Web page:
People & Power

Geo-politics, global, national and local influence. This section is dedicated to monitoring the role of the political class and influential citizens in shaping policies that affect the future of Africa.

Salma El Majidi: The Sudanese woman breaking taboos with her love for football

In Sudan, where a women’s national football team remains a distant dream, Salma Al-Majidi is the first Arab and Sudanese woman to coach a men’s football team in the Arab world. Salma Al-Majidi, 27, is a pioneer in a sport that dominates the region.

“I became a coach because there is still no scope for women’s football in Sudan,” Al-Majidi, who is affectionately called “sister coach” by her team, told an AFP reporter in eastern Sudan’s El Gedaref where she trains players of the El-Ahly El-Gedaref club.

Sudan joined FIFA in 1948 and is one of the founding members of the Confederation of African Football (CAF) along with Egypt, Ethiopia and South Africa. It won the CAF trophy in 1970. There is no legal ban on women’s football in Sudan, but the sport has faced challenges since the country adopted Islamic sharia law in 1983, and in 2012, endured a fatwa banning the formation of a national women’s football team in the country for reasons that it is an ‘immoral act’ by Sudan’s Islamic Fiqh Council.

While the order has made most Sudanese women abandon their dreams of becoming professional footballers, Salma Al-Majidi went around it instead by becoming a football coach for an all male team.

Salma Al-Majidi, acknowledged by FIFA as the first Arab and Sudanese woman to coach a men’s football team in the Arab world, coaches players of the Al-Ahly Al-Gadaref club during a training session in the town of Gedaref, east of Khartoum on February 17, 2018.
Courtesy: AFP PHOTO / ASHRAF SHAZLY

The daughter of a retired policeman, Al-Majidi was 16 when she fell in love with football. As she watched her younger brother’s school team being coached, she was captivated by the coach’s instructions, his moves, and how he placed the marker cones at practice sessions.

“At the end of every training session, I discussed with him the techniques he used to coach the boys,” Al-Majidi said. “He saw I had a knack for coaching… and gave me a chance to work with him.” 

Soon she was coaching the under-13 and under-16 teams of El Hilal club in Omdurman, the twin city of Khartoum on the west bank of the River Nile.

The university graduate of accounts and management, who had to convince her family first before she could proceed with her dreams, said “Sudan is a community of tribes and some tribes believe that a woman’s role is confined only to her home.”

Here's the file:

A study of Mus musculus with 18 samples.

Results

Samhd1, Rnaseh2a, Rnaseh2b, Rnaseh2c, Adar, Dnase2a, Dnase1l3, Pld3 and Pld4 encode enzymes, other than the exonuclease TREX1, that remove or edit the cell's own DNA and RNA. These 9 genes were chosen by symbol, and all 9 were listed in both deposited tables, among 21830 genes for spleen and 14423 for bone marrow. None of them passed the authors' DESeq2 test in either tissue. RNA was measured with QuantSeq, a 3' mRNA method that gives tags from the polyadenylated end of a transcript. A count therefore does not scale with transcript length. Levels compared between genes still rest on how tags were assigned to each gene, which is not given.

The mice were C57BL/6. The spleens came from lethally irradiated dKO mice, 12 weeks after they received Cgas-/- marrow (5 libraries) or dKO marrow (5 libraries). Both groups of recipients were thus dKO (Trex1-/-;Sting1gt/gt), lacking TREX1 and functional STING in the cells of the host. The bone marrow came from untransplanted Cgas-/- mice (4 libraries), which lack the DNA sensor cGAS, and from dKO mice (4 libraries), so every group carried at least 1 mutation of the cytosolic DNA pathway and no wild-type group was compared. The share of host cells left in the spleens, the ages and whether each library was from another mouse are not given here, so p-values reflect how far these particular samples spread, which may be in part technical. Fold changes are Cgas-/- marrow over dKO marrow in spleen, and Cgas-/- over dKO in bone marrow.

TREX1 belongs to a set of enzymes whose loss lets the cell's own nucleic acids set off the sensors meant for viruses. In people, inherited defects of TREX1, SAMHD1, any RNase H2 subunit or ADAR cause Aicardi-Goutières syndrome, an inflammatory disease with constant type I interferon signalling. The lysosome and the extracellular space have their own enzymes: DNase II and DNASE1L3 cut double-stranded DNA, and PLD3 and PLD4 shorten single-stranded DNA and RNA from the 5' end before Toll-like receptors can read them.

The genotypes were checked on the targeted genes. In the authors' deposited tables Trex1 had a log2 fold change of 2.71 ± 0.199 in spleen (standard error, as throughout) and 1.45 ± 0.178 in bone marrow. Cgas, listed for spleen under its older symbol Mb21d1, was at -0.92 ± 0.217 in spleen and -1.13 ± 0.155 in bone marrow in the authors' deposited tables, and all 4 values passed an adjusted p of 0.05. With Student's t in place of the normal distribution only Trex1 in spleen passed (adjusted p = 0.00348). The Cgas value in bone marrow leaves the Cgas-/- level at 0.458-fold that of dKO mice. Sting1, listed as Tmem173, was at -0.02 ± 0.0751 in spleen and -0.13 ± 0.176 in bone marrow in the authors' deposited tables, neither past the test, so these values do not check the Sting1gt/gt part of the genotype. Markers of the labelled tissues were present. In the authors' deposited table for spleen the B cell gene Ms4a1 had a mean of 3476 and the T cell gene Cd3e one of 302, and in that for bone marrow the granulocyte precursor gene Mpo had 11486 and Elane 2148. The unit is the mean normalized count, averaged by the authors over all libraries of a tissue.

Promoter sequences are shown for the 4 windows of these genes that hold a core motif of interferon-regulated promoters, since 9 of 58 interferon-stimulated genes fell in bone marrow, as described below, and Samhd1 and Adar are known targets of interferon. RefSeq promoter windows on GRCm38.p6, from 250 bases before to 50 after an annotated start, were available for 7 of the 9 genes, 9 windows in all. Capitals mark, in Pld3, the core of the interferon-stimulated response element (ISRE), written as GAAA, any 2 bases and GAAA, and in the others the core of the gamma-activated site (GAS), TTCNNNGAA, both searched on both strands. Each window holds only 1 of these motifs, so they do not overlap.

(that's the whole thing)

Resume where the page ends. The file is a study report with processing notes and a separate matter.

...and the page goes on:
“There are restrictions on women’s football,” Al-Majidi said, “but I’m determined to succeed.”

Salma al-Majidi coaches the Al-Ahly Al-Gadaref club during a training session in the town of Gedaref, east of Khartoum on February 17, 2018. Courtesy: AFP

Questions like whether she understood football or had the skills to coach men were all put to rest over time, leading to Al-Majidi coaching Sudanese second league men’s clubs: Al-Nasr, Al-Nahda, Nile Halfa and Al-Mourada.

Nile Halfa and Al-Nahda have both topped local leagues under her coaching. and she currently holds the African “B” badge in coaching, meaning she can coach any first league team across the continent.

The only other woman to have gained recognition in Sudan’s footballing world was Mounira Ramadan, who refereed men’s matches in the 1970s.

“My message to men in general is to give women a chance to do what they want,” Al-Majidi was quoted saying as she prepared tea after a gruelling practice session.

Ahmed Babikir, the coach of the Women’s Challenge Team, Sudan’s only women’s football team, told Al Jazeera in 2015 that Sudan used to have many women’s teams in the past. “We need to go back to that,” he said. “FIFA should not provide the Sudanese Football Association with any funding until they form more women’s teams and support existing ones.”

The team, established by a group of young Sudanese women in downtown Khartoum in 2001, continues to lack recognition by FIFA even after playing its first competitive match in 2006.

Al-Majidi is determined to succeed, and looks forward to coaching an international team someday. Her participation in football is already sending a strong message to men and women in Sudan.

In December 2015, she was noted in BBC Arabic‘s 100 inspirational women of the year and was acknowledged by the Fédération Internationale de Football Association (FIFA) as the first Arab and Sudanese woman to coach a men’s football team in the Arab world.

“There was this one boy who refused to listen,” said Al-Majidi, who works full-time and receives a salary equivalent to that of a male coach. “He told me he belongs to a tribe that believed men should never take orders from women.”

It took months, but he finally accepted her as coach. “Today, he is a fine player.”